This is the result of a question asked by one of my readers. It seemed appropriate to share these lessons for those considering full time living in an RV. (These are the lessons I learned; other full time RVers would report other lessons.)
...The first year is a learning experience. Be prepared. That first year may also be more costly than subsequent years.
...With all the free time to vacation, you will find yourself in "vacation mode" -- trying to do it all. Don't frustrate yourself. For all your working years, vacations were limited to one or two weeks and you filled each day from rising sun to setting sun. As a full time RVer, you have lots of time. You can take days off from exploring -- and vacation. Do the laundry. Go for a walk. Go to a movie.
A word of caution. You can't do it all. You never will. It will take twenty life times -- and more -- to see and experience all the world has to offer.
...Don’t make reservations or commitments. If you do make commitments, say something vague like you “will be at X place sometime in the summer.” Or specify some month. I do make reservations once in a while. However, I find it very stressful to meet those commitments. On some rare occasions, I've made reservations over major holidays. Most frequently, that is July 4th.
...Be prepared to be lost. Full time living on the road and arriving in a new town is like going into a different grocery store. You will have no idea where anything is located. Where is the post office. Where is the cheapest fuel. Actually, you don't even know where the grocery store is located.
...It is less expensive living the nomadic life than retiring to the home in Denver.
...The most expensive thing about retiring early (I was 60) to hit the road is the cost of health insurance (actually it is estate insurance). However, several of my under 65 road acquaintances manage to live without health insurance.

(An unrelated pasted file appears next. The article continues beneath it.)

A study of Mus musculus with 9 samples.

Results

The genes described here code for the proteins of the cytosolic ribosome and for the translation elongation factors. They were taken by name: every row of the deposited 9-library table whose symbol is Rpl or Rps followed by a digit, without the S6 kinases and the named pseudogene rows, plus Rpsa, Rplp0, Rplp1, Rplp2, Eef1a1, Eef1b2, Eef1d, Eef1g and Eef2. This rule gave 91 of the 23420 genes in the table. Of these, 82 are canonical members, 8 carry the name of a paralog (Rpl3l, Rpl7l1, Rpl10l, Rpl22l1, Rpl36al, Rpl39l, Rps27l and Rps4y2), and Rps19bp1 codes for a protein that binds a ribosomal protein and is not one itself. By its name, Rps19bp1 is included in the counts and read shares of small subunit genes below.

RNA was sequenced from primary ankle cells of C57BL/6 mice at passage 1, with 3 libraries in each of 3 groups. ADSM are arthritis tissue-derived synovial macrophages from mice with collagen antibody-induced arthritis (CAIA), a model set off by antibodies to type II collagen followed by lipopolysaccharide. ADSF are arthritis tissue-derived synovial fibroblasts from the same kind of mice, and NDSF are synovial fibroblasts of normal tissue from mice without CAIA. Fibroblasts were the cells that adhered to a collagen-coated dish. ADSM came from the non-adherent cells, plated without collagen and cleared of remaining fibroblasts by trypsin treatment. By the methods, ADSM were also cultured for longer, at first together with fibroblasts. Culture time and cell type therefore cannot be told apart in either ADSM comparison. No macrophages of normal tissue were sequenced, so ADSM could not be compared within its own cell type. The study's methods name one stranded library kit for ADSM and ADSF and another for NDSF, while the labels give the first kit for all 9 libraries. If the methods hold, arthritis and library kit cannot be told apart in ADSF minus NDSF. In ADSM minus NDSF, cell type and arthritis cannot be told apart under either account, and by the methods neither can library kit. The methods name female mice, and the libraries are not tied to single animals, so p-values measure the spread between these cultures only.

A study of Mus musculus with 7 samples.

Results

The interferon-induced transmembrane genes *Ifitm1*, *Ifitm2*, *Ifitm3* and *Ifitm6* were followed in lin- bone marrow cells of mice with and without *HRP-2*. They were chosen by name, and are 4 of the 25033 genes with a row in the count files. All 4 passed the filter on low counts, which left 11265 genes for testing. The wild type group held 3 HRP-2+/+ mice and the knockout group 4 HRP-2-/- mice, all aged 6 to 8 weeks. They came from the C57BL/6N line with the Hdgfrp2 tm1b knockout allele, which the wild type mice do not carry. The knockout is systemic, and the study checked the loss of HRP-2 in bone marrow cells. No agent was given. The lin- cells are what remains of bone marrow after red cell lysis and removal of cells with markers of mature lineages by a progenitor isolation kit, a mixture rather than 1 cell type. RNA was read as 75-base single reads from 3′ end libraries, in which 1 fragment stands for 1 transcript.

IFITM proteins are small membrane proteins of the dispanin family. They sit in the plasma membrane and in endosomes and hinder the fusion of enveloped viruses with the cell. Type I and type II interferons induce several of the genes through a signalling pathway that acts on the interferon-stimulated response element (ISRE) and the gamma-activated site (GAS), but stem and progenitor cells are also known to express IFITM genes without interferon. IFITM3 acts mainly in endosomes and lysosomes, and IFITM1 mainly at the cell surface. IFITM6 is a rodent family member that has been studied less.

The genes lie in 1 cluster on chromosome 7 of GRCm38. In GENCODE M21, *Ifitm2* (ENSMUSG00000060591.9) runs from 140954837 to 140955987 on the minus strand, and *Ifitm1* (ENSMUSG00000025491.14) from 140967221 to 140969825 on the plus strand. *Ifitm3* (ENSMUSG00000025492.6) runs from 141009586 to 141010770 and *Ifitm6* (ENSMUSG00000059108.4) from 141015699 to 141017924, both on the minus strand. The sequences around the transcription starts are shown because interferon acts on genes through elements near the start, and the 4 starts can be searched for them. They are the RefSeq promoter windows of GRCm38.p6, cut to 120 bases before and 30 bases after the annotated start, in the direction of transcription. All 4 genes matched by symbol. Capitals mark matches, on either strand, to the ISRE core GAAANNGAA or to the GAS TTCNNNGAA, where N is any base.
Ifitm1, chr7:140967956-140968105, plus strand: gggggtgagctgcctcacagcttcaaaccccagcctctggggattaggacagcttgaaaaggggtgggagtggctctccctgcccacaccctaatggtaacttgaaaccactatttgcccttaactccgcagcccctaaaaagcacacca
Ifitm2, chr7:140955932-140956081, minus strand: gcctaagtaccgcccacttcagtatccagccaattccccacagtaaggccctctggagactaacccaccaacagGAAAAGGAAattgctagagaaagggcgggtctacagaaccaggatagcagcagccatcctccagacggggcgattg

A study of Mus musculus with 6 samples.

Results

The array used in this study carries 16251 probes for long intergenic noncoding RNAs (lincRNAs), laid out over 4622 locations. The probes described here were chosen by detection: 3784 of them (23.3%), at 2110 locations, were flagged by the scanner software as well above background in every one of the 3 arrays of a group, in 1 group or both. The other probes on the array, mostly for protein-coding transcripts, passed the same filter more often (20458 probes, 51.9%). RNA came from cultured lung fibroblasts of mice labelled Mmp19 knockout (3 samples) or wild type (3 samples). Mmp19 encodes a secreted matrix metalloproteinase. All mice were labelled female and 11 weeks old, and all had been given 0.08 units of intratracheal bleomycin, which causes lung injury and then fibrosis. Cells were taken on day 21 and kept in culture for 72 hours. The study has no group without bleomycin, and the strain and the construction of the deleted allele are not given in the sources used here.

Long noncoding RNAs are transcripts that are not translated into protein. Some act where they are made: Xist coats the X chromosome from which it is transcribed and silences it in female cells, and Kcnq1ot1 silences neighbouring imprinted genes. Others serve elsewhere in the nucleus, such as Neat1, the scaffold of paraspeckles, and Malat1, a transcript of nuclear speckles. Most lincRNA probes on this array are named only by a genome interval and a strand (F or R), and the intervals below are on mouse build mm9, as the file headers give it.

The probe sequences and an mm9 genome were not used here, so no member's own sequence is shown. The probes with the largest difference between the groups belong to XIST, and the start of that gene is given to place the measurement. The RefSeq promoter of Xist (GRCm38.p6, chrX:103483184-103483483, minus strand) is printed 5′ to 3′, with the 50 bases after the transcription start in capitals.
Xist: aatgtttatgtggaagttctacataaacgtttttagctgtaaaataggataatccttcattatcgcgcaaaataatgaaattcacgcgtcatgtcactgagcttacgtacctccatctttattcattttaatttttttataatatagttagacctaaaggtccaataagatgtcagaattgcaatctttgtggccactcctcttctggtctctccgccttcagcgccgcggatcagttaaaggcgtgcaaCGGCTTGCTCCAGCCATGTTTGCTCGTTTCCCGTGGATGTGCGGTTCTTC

...Investments that allow alternate camping options will prove financially beneficial. A rig that is self contained with solar power and/or generator will allow extended camping on government lands for free or very little cost. A self contained rig is also essential for overnight camping on concrete parking lots such as Wal-Mart. Additional ways to reduce camping costs can be done through campground memberships such as Passport America, a SKP membership, Good Sams (even though they send lots of junk mail), AAA, etc. An Elks membership will allow RV camping at those Elks Lodges where there are RV facilities available.
Finally there is the "time share" solution to camping. Buying new campground memberships can be pricey. There are also used Campground Memberships For Sale. All of the mentioned options have advantages and disadvantages.
Do the research to determine which of the options may be best for your traveling style. To round out your information, talk with other full timers to find out how they address the costs of RV camping.
These aren't lessons, but I have found that...
Nomadic traveling is more fun than I thought it could be. The fun is exploring where ever I am; meeting and talking to people; walking streets looking for photos; checking out local wineries; find that off the beaten path eatery (not a chain restaurant); National Parks; etc.
Retirement to that Denver home would have been a boring existence. I would have gotten a job or found some volunteering position.
All that stuff that was in my home is not missed. In fact I recall little of what I had. And I certainly don’t miss being a slave to a home or even home ownership and its attendant issues. Considering my home was built circa 1890, I was nothing more than a caretaker for the short time I lived there.
We loved this article. Thank you for sharing this. Me, my husband and our 2 children will be in an RV fulltime starting in March. It was only going to be temporary for about a year. Until we could afford our mobile home. Now we are re-thinking this whole thing. Wondering if Rv full time is the way to go. All of us love the idea. Thanks for the inspiration.